Tuesday, February 18, 2014

Jak poprawiać na lekcjach angielskiego, żeby nie bolało?

How often do we... teachers of English... have to correct our poor students during our classes? I bet it happens quite frequently... Well, at least, it should happen frequently... as ignoring our students' mistakes or errors is not a good way of teaching any language. Remember: "Silence gives consent".

Of course, mistakes made bu students is a good symptom of learning something, but uncorrected are pretty dangerous as they tend to fossilize over time, which is no good :)

The question is... How to correct students in such a way that they know there is a mistake and they immediately feel a strong desire :) to correct themselves as only such a way seems so natural?

Here are a few tips:

  1. Don't accept ill structured sentences, instead reward good answers!
  2. Make an I-don't-get-it face and wait for the student to correct himself/herself.
  3. Ask the rest of the group to spot the mistake and give you the correct answer!
  4. Refer to some unit in a coursebook where you talked about a particular grammatical or lexical problem and make students find the right response.
  5. Choose the best student in your group and ask her/him if he knows how to correct his/her friends utterance.
  6. Pose a general question to the class and ask for the correct way of saying something.
  7. Instead of making a strange face you can ask a direct question: "Sorry, but I don't understand you. I think there is a mistake in your sentence/question".
  8. Accept the incorrect utterance but repeat it in the correct way stressing the erroneous area.
What do you think? Got anything else to suggest?


  1. I can't agree with point no. 5. I mean, from my experience I can see that weak students would feel much worse if I asked a good student. It's better to give them a chance to correct themselves. You know, there are many many ways to direct them to the correct answer, to show them any analogies which would easily lead them to the victory- to the correct answer :)
    My way is very simply. I lead the discussion, I ask them questions, provoke them to speak. When they talk I note down all mistakes I find essential to explain. I mix them and write down on the blackboard. Then we correct them together. And, again, I try to show them similar structures in which they would never do such a mistake. Then, they are like "wow! how could I be so silly!".

    1. Asia... you might be right... it's a delicate issue... I agree. You need to be extremely sensitive not to demotivate or discourage other students in the group unless you all agree who 'the best to answer" is. You can actually ask your students to point at the person they consider 'legitimate' to be 'the best', then it's not your 'fault' :) The other strategy is you can choose a few 'best' students so that there's no teacher's pet. What do you think?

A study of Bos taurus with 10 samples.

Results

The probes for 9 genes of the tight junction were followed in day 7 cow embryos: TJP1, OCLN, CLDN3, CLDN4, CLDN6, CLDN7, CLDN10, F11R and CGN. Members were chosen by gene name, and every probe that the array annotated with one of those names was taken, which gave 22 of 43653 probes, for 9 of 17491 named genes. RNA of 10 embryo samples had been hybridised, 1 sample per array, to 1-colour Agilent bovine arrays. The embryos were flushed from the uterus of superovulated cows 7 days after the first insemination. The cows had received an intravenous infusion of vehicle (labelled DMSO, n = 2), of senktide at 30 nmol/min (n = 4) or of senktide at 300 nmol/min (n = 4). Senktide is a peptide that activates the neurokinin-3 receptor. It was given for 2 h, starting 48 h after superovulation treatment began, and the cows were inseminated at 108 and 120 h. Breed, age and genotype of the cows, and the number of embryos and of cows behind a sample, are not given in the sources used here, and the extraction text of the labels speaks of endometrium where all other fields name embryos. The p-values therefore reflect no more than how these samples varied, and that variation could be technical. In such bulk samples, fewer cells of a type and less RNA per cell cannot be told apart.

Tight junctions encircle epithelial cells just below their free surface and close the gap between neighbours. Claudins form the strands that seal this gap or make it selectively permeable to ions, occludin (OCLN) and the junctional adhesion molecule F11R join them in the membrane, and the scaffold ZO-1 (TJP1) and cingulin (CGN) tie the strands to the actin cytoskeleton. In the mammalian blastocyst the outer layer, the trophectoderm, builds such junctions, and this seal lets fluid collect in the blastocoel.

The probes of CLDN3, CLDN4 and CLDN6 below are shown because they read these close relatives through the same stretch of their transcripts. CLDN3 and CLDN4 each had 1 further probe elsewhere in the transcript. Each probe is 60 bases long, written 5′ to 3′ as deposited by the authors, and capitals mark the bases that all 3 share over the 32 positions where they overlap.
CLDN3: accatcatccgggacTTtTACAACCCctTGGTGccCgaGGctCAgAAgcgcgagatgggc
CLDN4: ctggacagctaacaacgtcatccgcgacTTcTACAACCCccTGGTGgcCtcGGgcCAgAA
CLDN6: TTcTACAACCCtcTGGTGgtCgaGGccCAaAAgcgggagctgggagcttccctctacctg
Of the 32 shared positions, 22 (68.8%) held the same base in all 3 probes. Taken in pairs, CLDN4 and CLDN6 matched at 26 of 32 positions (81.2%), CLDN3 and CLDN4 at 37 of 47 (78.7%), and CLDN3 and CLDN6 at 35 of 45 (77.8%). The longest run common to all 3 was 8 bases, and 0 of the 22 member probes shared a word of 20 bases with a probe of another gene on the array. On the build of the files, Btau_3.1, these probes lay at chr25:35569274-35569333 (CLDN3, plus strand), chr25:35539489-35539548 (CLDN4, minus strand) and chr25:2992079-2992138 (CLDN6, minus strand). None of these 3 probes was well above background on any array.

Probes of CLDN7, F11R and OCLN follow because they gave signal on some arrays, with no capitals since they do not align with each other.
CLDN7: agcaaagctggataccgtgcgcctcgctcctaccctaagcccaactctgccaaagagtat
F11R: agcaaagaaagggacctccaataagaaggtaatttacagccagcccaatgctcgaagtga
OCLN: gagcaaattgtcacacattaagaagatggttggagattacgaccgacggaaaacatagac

2. And after evaluating writing tasks it's good to collect the mistakes and give students as a grammar exercise :)

  3. I entirely agree with you Asia. I would also think twice before asking better students to correct the weaker ones.
    Besides, there was vast international research conducted, studying error correction in language instruction (many languages were studied, not only eng). As far as I know, the outcome was astonishing even for the researchers. IT turned out that NO way of correcting improves students' command of the langauge. no matter which way of correcting ( direct, indirect, more or less subtle) a teacher uses, it doesn't work. it is more for the comfort of the teacher who just trembles and sweats if they hear ''she don't like ...''
    I'm not saying that we shoul let them speak incorrectly, but correcting should be done afterwards. I never interrupt my students even if they make many mistakes, for them it's better to build up their confidence and fluence, then work on correctness. It's like with small kids. they start talking extremely fluent before adults are able to make out anything of what thay are trying to explain :)

    1. Thank you Czesuawa! I guess I have some doubts about the results of the research you mentioned. From my own experience I can say it's good to correct students for they really make a note of where mistakes are often made and they do tend to refer back to those moments where we actually were correcting the most frequently committed mistakes. Could you share the reference to the research you mentioned, please?